Don't you just want to do a major eye-roll when you see a Disney Channel show with perfectly put-together kids coming home from school with huge grins on their faces as they stroll into the kitchen and talk about their day? What planet do those kids come from, anyway? Because here on earth, children get into the car or off the bus at 3:00 p.m. and immediately launch into a major after-school meltdown. Tears may or may not be involved; attitude definitely is. They don't want to do their homework. There's nothing good to eat. Their best friend dropped them for someone else. You made them wear that dorky sweater. Whatever the reason, absolutely nothing is right with their world, and you're the lucky recipient of their wrath.
As stressful as it may be to have your child go into meltdown mode, take heart in the fact that you're not the only one going through this. In fact, in a way, it's good that your kids lose it in front of you; it means that they feel safe around you. "The bad news is that kids tend to save their most difficult behavior for their parents," licensed social worker Katie Hurley told PBS. "The silver lining is that they trust us to help them through those trying moments and to love them anyway."
What sets them off? Put yourself in your child's shoes. You have to spend long hours sitting at a desk or table, listening to teachers ramble on. You have to be on your best behavior, or else. You have to eat and use the bathroom on a strict schedule. And when things go wrong, like a tough quiz or a busted backpack, mom isn't there to help until much later. It's a heck of a lot for a child to handle.
Registered psychologist Vanessa Lapointe explained to the Huffington Post that after-school meltdowns are what's known as "defensive detachment." When loved ones aren't immediately available to help soothe or help a child, the child deals with that hurt and disappointment by lashing out in an effort to avoid more pain when the loved one returns. The stress and fatigue of a long school day don't make matters any better.
Happily, there are ways to keep the peace at home after the last bell rings, which will make life better for both your kids and you. Here are some expert-approved strategies to try:
1. Have A Snack Handy
The word "hangry" could have been invented by a grade-schooler, and really, who can blame them? By the time school lets out, it's been several hours since lunch, and many schools don't offer a snack period. The Academy of Nutrition and Dietetics explained that young children need two snacks a day in addition to their three main meals, while older children should have one snack (super-active kids can have one more). Registered dietician Jo Ellen Shield, writing for the organization, recommended snacks that combine protein and fiber, such as salsa with baked tortilla chips, celery sticks filled with almond butter and dried cranberries, or low-fat yogurt with fruit and nuts. She added that for maximum nutritional effect and healthy weight management, snacks should be served one to two hours before a meal.
2. Just Be There For Them
Sometimes, your presence is all your child needs, even if it doesn't seem that way when they're crying and storming about. Dr. Lapointe suggested standing next to your melting-down child and offering quiet, soothing support in the aforementioned Huffington Post article: ("You really had a tough day, didn't you?" or "I'm right here when you need a hug"). Once the worst of the storm passes, your worn-out student will be ready to collect a hug.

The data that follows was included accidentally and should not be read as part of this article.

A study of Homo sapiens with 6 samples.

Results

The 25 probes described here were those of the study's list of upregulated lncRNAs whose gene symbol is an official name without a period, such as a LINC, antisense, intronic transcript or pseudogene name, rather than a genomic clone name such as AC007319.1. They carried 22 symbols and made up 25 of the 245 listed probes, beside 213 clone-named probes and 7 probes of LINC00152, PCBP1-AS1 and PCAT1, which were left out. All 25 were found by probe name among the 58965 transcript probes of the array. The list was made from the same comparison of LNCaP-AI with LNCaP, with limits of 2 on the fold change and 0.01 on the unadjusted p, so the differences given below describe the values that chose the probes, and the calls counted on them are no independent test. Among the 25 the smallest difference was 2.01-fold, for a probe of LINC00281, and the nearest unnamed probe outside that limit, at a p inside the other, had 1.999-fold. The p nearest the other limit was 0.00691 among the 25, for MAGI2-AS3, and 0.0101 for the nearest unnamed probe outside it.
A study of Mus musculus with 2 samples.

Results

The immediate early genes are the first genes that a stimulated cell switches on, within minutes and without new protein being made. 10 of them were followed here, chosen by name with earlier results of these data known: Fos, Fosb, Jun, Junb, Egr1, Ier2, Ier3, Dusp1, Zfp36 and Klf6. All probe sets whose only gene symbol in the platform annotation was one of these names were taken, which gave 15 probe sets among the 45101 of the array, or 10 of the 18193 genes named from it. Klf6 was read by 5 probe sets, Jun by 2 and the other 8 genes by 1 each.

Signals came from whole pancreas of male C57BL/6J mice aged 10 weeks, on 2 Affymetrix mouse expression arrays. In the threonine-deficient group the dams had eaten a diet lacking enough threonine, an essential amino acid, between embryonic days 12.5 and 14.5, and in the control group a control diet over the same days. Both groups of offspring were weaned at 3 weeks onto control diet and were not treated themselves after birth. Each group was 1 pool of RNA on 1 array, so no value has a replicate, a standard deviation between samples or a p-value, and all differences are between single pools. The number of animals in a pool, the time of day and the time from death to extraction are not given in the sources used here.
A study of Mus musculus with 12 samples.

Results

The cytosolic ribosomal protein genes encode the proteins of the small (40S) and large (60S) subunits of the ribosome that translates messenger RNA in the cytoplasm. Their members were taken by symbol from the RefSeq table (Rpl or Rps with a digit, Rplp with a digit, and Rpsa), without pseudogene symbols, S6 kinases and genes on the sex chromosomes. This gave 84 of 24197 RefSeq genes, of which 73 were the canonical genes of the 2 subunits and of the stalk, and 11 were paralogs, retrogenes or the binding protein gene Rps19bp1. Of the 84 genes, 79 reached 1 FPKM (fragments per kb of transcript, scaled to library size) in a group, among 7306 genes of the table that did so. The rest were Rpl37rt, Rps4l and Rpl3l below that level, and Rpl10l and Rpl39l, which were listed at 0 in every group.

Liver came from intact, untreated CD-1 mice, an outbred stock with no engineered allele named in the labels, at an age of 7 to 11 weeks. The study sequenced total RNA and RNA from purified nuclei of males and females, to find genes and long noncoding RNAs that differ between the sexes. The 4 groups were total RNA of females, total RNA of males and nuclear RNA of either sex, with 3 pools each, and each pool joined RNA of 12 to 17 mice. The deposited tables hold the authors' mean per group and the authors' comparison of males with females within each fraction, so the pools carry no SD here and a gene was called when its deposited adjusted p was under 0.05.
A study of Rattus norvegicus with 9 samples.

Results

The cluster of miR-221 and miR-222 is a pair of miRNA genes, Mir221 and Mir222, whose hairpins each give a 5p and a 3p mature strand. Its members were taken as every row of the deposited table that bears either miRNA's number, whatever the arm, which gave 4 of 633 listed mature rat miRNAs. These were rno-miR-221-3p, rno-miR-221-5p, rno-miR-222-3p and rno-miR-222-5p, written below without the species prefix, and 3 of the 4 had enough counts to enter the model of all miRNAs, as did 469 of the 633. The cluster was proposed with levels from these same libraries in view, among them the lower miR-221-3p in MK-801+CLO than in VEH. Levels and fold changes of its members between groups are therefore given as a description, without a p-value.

3. Take Some Down Time Together
After a day filled with work, note-taking, noise, and general activity, your child may need a few minutes just to chill. Instead of insisting on getting homework done right away, invite your child to sit with you on the sofa to read a story or just be quiet together. It's important for parents to stay calm when their children are having meltdowns, explained Child Mind Institute. Kids need guidance to self-regulate their emotions, and modeling calm behavior will help them learn how to stop or prevent their own explosions.
4. Try Art Therapy
Offering a creative outlet for your child can help them process their feelings or decompress after a long day. An experienced mom-blogger on New York's Hudson Valley Parent Blog recommended setting out art supplies to use after school: markers, colored pencils, play dough, blank journals. Knowing that they'll have a little art time after school will give your child something to look forward to, too.
5. Let Them Run It Off
Just as a good workout can boost your own mood, a post-school outdoor play session could be just what your overwhelmed child needs to ward off the tears. Let your child play with a ball in the yard or ride a bike around the block. On the blog Parenting From the Heart, mom-pro Alanna Pace said that she takes her kids to the park after school for an hour, and even packs a picnic. The result? Fewer meltdowns.
6. Offer A Distraction
Telling a hysterical child "don't cry" sends the message that crying is a bad way to cope with feelings. (Besides, it almost never works.) Instead, once you've let your child get the initial tears out, try diverting their attention in a gentle way. Give them a sensory ball to squeeze, a doll to hold, or play familiar music. When a child in my school's after-school program recently went into a weeping and wailing fit, I got a bottle of bubble soap and blew bubbles in his direction. At first, he seemed not to pay attention, but after a few minutes, he started swatting at them. It's hard to stay upset for long when you have a bubble dancing in front of your nose.